NCsoft Introduces NCcoin

Andy Chalk

One Flag, One Fleet, One Cat
Nov 12, 2002
NCsoft Introduces NCcoin

MMOG publisher NCsoft []has rolled out NCcoin, its new in-game micro-transaction system.

The new system will debut in the third-person mech game Exteel [], and is expected to be incorporated into many of NCsoft's existing and upcoming titles in the future. NCcoin sells at a rate of $1 for 100 NCcoin, and is available in $1, $5, $10 and $20 amounts. Players will be able to purchase NCcoins for use in buying and upgrading in-game items, but will not be able to use it to purchase in-game currency, or to give or sell it to other players.

"NCsoft's goal is to bring more and more people into the online gaming market, and part of achieving that goal is to continue to diversify how customers can pay and play," said NCsoft North America President Chris Chung. "This system will offer our customers much greater flexibility and convenience in paying for content."

"Micro-transactions are a growing part of the online gaming industry and NCcoin will allow us to support micro-transaction based games efficiently, allowing developers and players to quickly enjoy the benefits of those systems," he continued. "We will soon be rolling out more contents that leverage the flexibility of NCcoin."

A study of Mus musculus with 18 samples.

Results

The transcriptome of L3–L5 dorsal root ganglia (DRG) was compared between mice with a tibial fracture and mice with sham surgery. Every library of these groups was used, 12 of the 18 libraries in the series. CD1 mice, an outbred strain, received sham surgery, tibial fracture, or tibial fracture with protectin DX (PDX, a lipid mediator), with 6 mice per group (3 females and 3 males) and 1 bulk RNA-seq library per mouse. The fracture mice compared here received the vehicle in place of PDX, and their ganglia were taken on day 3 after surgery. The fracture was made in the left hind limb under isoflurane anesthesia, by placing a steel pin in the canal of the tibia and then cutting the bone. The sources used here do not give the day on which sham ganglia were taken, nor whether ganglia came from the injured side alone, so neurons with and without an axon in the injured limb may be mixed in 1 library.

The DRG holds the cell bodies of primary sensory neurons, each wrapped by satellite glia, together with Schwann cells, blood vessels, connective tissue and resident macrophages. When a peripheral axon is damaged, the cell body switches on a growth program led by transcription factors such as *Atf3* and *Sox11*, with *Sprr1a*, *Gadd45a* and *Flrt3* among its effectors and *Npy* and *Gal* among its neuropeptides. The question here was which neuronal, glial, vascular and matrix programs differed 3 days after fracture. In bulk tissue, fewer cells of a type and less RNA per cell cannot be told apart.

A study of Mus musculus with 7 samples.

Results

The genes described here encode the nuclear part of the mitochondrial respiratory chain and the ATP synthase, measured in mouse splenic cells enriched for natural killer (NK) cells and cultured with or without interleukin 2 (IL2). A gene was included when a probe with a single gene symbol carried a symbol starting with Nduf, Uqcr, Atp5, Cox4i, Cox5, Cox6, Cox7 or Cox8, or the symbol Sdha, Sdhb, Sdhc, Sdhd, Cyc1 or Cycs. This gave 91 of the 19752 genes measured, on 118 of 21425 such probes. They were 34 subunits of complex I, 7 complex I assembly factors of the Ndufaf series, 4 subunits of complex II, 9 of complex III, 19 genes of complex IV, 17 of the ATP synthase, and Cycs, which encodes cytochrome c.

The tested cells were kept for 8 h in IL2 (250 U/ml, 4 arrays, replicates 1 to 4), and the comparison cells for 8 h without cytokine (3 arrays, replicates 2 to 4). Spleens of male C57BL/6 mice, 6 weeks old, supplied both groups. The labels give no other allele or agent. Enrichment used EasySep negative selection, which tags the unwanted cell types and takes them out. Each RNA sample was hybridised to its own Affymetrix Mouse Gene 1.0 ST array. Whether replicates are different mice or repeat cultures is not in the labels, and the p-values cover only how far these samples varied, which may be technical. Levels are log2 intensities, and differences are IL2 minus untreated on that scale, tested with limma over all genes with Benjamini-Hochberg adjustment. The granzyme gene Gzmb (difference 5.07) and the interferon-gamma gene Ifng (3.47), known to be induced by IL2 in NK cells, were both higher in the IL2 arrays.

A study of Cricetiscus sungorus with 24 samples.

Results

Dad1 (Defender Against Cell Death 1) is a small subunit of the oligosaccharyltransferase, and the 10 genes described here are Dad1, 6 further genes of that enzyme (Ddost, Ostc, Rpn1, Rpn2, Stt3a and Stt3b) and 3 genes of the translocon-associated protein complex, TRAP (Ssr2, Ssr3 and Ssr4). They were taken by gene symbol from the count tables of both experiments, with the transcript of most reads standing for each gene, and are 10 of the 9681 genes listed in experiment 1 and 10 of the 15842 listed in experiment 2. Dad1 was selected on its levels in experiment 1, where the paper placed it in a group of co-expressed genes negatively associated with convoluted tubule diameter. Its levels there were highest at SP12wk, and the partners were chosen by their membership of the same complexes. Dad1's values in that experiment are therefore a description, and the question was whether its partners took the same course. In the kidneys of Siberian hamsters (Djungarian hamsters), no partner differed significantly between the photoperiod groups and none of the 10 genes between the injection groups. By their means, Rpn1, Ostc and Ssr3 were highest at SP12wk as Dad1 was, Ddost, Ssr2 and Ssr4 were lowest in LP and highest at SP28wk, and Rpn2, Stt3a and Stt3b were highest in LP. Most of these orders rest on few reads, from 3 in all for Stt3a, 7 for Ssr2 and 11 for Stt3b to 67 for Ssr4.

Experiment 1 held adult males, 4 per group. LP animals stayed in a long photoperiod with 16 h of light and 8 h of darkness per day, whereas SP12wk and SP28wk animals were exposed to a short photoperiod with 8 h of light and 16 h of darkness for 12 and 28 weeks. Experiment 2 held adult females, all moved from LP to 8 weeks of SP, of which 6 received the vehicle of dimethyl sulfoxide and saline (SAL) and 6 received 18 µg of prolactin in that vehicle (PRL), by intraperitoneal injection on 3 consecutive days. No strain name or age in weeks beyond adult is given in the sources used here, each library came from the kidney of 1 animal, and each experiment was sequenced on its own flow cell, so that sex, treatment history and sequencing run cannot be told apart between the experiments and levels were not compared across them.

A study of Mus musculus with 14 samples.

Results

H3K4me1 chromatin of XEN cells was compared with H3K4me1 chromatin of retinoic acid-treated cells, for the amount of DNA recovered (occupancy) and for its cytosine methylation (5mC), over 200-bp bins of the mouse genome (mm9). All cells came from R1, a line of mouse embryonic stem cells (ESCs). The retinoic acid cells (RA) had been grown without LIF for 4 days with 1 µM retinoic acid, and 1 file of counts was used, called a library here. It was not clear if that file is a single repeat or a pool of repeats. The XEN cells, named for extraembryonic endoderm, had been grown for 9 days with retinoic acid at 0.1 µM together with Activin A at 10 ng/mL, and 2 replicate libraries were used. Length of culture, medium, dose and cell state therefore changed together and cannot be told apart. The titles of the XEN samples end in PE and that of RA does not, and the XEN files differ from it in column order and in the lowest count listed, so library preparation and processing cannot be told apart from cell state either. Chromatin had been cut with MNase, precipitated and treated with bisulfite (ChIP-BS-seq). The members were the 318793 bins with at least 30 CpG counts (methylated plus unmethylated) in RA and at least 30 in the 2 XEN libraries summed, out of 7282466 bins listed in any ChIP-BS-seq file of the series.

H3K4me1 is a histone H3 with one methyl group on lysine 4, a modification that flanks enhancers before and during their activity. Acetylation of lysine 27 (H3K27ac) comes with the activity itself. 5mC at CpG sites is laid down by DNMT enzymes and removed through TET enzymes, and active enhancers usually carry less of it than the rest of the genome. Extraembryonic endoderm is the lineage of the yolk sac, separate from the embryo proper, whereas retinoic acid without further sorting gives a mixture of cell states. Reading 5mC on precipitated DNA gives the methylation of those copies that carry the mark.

More information about the new NCcoin system is available at [].



New member
Dec 9, 2007
Nothing really new or original. This sort of system, however (basically 'pay for weapons') is usually in place for independent projects where money is often needed thick and fast, not on a monthly basis where they update all their accounts with the overall sum taken in by subscriptions (as with the other mainstream MMORPGs). Whilst I don't doubt this as a business tactic (The guys at Hunted Cow - who run Fallen Sword - earn thousands from this strategy), it really seems a bit... amateurish for such an 'acclaimed' company as NCsoft. Tradition states that large corporations stick to a 'pay-per-month' model to keep things fair for their huge audience. Does this mean things in NC are declining, then?